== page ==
MS gets spectator patent

WE OWN LOOKING.

Microsoft has been granted its 5000th US patent for a new technology, specially designed for inclusion in Xbox 360 games, that will enable people from around the globe to join online games as spectator.

The milestone patent relates to a host of technologies that mirror the experience of viewing a sporting event broadcast, enabling people to tune in to online videogames and enjoy the gaming experience in real-time as a spectator rather than a player.

Featuring highlights, instant replays, and unique spectator controlled views of the action within a game or event, the technology enables the viewer to control one or more virtual cameras to select desired viewpoints, or an automated camera control to frame the action and perform specific cuts to best convey the story and action.

The patent also covers a portal such as a website to access spectator-related services such as schedules and information on multiple games and events, as well as the number of spectators and participants in each. The portal allows the spectator to find the most popular games to watch, preview the action, and then connect directly in real-time. Microsoft has stated that the technology will be featured in Xbox 360 games, bringing an additional online experience to its increasingly popular Xbox Live online gaming service.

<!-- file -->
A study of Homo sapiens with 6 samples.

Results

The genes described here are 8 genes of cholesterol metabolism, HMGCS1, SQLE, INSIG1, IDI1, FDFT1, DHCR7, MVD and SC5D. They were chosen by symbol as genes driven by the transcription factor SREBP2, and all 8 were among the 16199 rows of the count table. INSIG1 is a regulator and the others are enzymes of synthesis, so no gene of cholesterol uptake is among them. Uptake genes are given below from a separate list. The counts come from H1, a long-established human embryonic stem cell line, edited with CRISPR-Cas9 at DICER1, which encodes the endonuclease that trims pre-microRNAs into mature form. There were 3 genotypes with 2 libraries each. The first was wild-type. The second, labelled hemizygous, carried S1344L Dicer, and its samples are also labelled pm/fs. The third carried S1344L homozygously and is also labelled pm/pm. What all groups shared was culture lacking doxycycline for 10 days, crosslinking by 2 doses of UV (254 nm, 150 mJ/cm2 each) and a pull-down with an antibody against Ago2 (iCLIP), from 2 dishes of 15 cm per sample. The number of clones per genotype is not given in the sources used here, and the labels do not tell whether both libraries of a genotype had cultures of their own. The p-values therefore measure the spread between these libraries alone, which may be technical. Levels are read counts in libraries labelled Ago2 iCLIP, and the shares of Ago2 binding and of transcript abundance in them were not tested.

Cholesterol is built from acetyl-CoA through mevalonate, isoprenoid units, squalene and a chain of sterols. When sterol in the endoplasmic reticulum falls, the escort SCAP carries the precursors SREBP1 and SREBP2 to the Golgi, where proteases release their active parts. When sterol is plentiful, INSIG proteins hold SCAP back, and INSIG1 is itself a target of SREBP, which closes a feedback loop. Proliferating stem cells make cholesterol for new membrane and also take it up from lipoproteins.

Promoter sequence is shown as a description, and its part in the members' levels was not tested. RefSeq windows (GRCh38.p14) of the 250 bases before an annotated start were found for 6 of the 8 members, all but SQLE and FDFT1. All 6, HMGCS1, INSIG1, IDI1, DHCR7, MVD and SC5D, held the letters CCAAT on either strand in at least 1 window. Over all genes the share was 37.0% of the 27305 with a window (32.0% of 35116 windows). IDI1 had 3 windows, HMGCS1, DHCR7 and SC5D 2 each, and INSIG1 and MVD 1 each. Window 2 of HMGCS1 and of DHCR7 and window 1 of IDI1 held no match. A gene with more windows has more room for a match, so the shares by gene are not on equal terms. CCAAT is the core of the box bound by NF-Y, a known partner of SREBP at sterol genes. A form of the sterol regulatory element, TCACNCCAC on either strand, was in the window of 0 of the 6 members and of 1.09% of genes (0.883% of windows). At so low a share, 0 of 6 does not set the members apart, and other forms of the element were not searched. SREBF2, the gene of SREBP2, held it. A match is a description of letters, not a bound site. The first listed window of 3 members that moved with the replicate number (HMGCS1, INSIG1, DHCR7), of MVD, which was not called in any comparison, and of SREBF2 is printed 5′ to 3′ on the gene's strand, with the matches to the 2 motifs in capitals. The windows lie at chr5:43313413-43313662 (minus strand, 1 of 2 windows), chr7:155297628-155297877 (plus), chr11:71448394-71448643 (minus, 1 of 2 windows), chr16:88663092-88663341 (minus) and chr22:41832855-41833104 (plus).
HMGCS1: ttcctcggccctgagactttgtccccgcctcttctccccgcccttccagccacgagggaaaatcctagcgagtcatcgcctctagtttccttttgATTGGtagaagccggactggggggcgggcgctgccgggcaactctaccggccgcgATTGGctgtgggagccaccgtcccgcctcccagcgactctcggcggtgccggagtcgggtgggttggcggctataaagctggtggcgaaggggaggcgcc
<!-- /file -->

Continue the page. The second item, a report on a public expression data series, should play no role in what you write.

Brad Smith, senior vice president, general counsel and corporate secretary for Microsoft, commented: "The 5000th patent is a marker of the progress we have made in the past few years - building a high-quality, innovative and industry-recognized portfolio. Through patents, we are able to license our technologies widely to others in the industry, increasing the availability of our innovations and getting beneficial solutions in the hands of customers."

Microsoft is committed to achieving its goal of filing for 3000 patents each year, which is consistent with the average for IT companies of filing for two patents for every USD 1 million spent in research and development, according to a study by the National Research Council of the National Academies.